I have seen the soft campaigning in the form of opinion pieces and social media posts by dentists active in various positions in the British Dental Association (BDA) in the weeks and months before the General Dental Council (GDC) announced their new Chair to replace Dr William Moyes who is due to step down soon. The question that forms the title of this piece was running in my mind.
Should the chair of the GDC be a dentist? While we are on this, I hope the people with strong opinions along that line of thought are open to the idea that it could be any other registrant in the dental team and not just a dentist. Why not a dental nurse, a dental hygienist/therapist, a dental technician? Why not anyone who can register with the GDC?
There may be a feeling that a dentist or other GDC registrant would understand the nitty-gritty of dentistry and how it works better than anyone from outside the world of dentistry. They may better be able to appreciate what may have happened in a fitness to practise case from the viewpoint of a fellow professional and may even be able to improve the processes of the GDC to better serve the public.
You could see the strengths that such a person would bring to the post but let us also consider that such a person may be too close to the profession, may have vested interests and may lack experience in other areas which would be of use to the occupier of such a position.
On the other hand, a lay person may not be able to understand the pressures and factors involved in clinical decision making and may not be able to appreciate the reasoning behind clinical decisions. They would however be closer to the public as they are one of them and better able to appreciate the viewpoints of patients affected by the decisions and actions of dental professionals without the biases that a dental professional in the position may bring with them.
Let us also consider the raison d’etre of the GDC. It does not exist to represent dental professionals. It is not the BDA or any of the other trade unions representing the dental team. It exists not to protect dental professionals but to protect the public from dental professionals.
The GDC is not my/your/our friend. It is our professional regulator. It sets the standards of dental education and the standards that we must follow in professional life. It governs us by those standards. It is there to police us, prosecute us and where necessary punish us, whatever we may think of those processes or the outcomes.
It would certainly be good to have registrants as members to sit on the council and help advise on matters affecting the professions, but is it necessary for there to be a dentally qualified or registered chairperson of such a body?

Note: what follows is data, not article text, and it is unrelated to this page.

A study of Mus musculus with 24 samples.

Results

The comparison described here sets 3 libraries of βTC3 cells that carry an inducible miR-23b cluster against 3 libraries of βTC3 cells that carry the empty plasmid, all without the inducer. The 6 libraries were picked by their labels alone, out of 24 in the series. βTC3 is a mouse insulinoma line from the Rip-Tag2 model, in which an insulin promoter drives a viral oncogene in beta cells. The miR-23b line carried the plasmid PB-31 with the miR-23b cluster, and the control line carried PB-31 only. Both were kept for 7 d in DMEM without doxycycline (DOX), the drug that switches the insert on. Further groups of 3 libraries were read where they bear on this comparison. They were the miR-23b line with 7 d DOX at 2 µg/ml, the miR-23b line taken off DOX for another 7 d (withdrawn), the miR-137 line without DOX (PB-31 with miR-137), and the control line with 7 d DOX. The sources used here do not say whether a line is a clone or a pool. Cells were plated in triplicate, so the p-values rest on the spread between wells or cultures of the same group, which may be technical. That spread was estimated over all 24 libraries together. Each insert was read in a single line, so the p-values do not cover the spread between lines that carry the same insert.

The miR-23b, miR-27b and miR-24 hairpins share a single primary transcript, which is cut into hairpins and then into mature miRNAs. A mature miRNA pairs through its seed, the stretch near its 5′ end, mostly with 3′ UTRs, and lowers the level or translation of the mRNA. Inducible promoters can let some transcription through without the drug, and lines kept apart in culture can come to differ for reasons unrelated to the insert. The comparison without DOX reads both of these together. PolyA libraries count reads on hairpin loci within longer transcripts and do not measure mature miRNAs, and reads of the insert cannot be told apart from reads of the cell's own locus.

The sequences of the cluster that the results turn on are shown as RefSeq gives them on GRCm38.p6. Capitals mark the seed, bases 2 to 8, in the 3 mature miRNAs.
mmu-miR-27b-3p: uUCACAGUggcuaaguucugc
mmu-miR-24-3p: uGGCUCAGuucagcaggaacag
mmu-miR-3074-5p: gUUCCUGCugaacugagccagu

There will be the odd happy accident when a dentally qualified or registered person occupies that position when they can also show a range of suitable qualifications, knowledge and experience in other areas which would be of value to the position, but we cannot expect a dental person to be the chair every time or even often.
The public has expectations of dental professionals, and it is right that they expect the body registering and assessing the fitness to practise of such professionals to be one from the public rather than one from the professions. The interests of the public are paramount in this matter.
Now specifically considering Baron Harris of Haringey, he certainly has an impressive history of public service and experience which puts him in a good position to take on the role of chair of the GDC. Chair of the national preparedness commission, first chair of the Metropolitan Police Authority, previously chair of the independent advisory panel on deaths in custody, and his experience at various levels of local government in London as well as at the House of Lords.
I hope that with his vast experience and knowledge, he will be able to improve relations between registrants and the regulator. Maybe not to the extent of being pub buddies, but to the extent that registrants no longer feel the need for self-harm or worse when receiving any communication other than a demand for registration fees from the GDC! Obviously, I have concerns as many of us do about the GDC’s processes, of particular interest, the fitness to practise procedures and the impact on registrants, but one hopes that Lord Harris can deal with our concerns with an open mind.
Please join me in welcoming him to the regulation of dentistry and in wishing him all the very best.